NaNoWriMo 2013 Second Week

The second week of National Novel Writing Month is over, and I’m moving into the third with less than 18,000 words.

This past week has been full of reminders, such as:

  • I’m an intuitive person and should trust my intuition. When I start writing a scene that feels right, chances are, I’ll see why it’s right once I’ve finished. Stopping to analyze the scene halfway through only wastes time. Similarly, trying to push past a feeling that a scene is wrong will usually create a writing block. A blank mind is worthless when writing.
  • I can’t inflate the word count much. Some NaNoWriMo participants purposefully write nonsense or copy and paste passages to meet daily word count goals. I remember using complicated syntax to elongate sentences, avoiding contractions, and adding dialogue tags at almost every opportunity when I participated in NaNoWriMo 2009. Tricks like those are of little use to me now that I’m no longer willing to litter my work with junk that will be difficult to clean up later.
  • Research takes time away from writing. However, without it, a scene might limp along for a want of the details that would make it complete. For my next NaNoWriMo, I’ll dedicate October to research and brainstorming, so they don’t slow me down as much.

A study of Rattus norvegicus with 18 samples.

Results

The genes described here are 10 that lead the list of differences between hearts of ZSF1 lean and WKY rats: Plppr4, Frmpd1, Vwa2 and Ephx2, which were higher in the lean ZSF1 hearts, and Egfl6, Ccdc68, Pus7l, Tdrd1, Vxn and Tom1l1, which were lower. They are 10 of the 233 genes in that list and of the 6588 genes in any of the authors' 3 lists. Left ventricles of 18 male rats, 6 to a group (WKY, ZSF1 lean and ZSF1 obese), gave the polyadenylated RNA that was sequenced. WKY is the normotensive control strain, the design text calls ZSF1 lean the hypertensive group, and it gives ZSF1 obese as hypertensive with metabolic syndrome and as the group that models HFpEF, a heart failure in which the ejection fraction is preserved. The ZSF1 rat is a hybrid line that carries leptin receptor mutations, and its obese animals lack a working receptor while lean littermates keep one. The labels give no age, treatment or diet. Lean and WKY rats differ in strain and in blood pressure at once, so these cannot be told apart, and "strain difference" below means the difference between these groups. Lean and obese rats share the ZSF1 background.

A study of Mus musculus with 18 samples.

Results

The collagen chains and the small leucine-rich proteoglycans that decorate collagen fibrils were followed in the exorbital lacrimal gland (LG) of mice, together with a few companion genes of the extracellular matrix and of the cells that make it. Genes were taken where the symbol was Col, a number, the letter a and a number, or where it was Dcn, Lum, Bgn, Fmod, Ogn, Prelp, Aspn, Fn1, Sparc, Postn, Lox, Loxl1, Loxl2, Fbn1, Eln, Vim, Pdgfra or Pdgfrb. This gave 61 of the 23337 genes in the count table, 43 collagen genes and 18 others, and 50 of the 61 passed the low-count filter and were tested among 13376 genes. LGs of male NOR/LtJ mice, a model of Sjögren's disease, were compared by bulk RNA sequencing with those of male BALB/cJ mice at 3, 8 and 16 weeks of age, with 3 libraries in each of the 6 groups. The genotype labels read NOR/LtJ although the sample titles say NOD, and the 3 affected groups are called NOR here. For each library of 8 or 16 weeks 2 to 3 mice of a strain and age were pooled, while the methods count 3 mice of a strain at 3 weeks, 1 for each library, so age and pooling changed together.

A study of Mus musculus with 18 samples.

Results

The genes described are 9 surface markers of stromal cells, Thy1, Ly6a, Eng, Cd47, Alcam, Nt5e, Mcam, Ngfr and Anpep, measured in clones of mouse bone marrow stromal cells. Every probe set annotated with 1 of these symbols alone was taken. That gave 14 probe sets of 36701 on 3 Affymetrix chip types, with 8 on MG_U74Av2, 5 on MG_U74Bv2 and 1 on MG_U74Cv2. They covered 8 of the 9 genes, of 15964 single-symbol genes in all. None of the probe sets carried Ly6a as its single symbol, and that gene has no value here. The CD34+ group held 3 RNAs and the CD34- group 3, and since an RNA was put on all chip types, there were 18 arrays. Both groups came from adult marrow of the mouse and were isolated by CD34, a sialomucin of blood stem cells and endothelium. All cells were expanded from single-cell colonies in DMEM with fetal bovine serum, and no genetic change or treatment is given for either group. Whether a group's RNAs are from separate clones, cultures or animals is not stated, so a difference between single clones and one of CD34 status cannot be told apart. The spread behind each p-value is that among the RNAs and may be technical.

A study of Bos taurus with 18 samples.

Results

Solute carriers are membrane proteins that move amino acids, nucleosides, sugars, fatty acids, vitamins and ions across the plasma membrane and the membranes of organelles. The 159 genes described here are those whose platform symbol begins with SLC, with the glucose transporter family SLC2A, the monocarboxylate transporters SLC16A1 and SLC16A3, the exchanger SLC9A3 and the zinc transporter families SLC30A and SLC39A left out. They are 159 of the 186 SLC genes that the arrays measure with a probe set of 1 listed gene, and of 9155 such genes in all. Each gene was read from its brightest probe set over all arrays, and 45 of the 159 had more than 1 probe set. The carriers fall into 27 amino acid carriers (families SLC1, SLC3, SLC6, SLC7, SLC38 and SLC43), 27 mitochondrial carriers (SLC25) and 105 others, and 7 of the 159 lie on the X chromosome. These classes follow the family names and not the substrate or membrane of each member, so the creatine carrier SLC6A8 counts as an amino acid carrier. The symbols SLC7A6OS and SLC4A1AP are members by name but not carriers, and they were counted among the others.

• NaNoWriMo encourages bad life habits. I’ve been staying up late, eating Halloween candy that I would otherwise be ignoring, and losing track of how much caffeine I’ve consumed. Thank goodness I’m no longer nursing.
  • Weaving is hard. I like to have multiple conflict threads going at one time, but I’m not terribly skilled at working them together.

Exhaustion is kicking in, and I wonder if anything will happen with this story in December. Still, this project seems like a worthy learning experience.

We’ll see how the third week goes.


4 thoughts on “NaNoWriMo 2013 Second Week”

  1. Don’t give up! I would say if anything change the goal from 50k words to finishing your story. Not only is seeing a story through its entire arc and to completion is much more rewarding than any word count. After all, 50k filled with meaningless words is rubbish. Good luck!

    1. Thank you for visiting my blog and providing encouragement! This week has been more rougher, but I’m still progressing. I’ll post my status tomorrow, in case you’d like an update.

      1. Were you going to post it on your blog? And don’t worry about the encouragement! I just want other writers to know that someone out there is rooting for them! Try getting that dedicated time (easier said than done, I’m afraid) and you could smash out the word count!

        Also don’t worry about research, write first, make it credible later!

  2. Oh, it’s so hard not to research. My understanding of something in the scene affects how the entire scene goes. Everything can change. It’s incredible.

    I will post my results of NaNoWriMo; I’ll probably keep the story to myself for a while. I know it’s becoming a more popular option, but it’s just too weird for me to post a novel online.